New study reveals that climate change in India, Pakistan and Bangladesh can drive heat and humidity to new extremes.
The pre-monsoon heat increase in India and Pakistan is breaking records again. In Jacobabad, Sindh Province in central Pakistan, the temperature was recorded as 51.1 degrees celsius on June 1. This equals the standing record for June and is 7 degrees above average.
In the adjacent Indian state of Rajasthan, the northernmost city of Ganganagar has been flirting with 50C for several days. It holds a record maximum temperature of 50C and an average for June of 41.5C.
Ganganagar lies on the edge of the Great Thar Desert and Jacobabad on the western edge of the Indus valley. Geographically both get little benefit from the southwest monsoon rains so it is not surprising they are among the hottest cities in these two countries.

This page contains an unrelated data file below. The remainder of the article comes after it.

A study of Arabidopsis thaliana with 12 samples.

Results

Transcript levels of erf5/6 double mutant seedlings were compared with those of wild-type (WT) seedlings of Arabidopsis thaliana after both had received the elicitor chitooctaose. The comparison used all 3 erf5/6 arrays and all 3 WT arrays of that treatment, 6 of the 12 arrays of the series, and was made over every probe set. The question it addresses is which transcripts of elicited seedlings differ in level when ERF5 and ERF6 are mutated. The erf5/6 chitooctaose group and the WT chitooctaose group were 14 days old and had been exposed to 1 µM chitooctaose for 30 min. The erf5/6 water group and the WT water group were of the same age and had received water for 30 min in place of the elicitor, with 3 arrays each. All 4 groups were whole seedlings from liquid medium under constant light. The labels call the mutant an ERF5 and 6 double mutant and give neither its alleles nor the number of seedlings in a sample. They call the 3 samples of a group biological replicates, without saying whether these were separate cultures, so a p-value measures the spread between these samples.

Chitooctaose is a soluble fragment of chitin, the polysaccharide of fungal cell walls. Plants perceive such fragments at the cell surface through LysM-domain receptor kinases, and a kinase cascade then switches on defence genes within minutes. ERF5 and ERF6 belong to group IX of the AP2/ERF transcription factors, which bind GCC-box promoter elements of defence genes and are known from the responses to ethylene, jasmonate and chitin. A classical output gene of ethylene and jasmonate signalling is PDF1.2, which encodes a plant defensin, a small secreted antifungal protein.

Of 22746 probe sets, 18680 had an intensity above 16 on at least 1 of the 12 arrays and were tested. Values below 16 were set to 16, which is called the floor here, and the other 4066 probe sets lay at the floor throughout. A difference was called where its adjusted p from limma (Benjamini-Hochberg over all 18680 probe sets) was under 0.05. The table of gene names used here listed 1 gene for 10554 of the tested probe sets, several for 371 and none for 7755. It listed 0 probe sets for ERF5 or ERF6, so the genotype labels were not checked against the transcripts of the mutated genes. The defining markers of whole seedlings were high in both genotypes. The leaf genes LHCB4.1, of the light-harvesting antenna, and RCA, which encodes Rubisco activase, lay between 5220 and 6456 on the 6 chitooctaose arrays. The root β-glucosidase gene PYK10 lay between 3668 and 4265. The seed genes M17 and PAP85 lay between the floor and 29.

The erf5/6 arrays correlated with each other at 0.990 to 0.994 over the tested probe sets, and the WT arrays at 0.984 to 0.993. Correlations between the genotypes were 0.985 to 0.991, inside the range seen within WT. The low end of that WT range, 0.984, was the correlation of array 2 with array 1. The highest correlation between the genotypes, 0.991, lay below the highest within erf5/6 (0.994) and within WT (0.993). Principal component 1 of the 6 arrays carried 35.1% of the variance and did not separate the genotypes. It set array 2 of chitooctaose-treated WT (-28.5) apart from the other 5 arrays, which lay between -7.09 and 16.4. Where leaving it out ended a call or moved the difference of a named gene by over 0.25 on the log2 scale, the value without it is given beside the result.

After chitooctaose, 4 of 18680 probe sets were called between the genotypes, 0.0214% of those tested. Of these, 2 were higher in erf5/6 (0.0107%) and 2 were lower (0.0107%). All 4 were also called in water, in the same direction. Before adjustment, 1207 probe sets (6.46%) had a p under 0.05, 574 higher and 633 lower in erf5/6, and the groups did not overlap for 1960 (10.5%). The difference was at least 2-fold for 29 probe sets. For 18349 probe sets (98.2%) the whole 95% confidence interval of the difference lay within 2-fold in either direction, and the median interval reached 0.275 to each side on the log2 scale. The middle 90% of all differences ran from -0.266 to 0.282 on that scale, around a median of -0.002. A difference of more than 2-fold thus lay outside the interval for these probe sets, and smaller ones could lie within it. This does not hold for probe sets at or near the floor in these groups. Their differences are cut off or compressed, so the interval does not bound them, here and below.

Last year’s figures were similar – but the records are being equalled or broken virtually every year. While the average for the month of May was exceeded by only 0.5C in Jacobabad, the hitting of the June record seemed all too easy.
In India, heatwave warnings are familiar before the monsoon breaks. The Indian Meteorological Department has issued severe heatwave warning for the states of Rajasthan and Madhya Pradesh.
There is no respite from the heat as the monsoons are running late.
The forecast from the Met Department for this season’s monsoon rain is for a normal total, tending towards it being a little deficient. This is an El Nino year which does not provide favourable conditions for monsoon rains.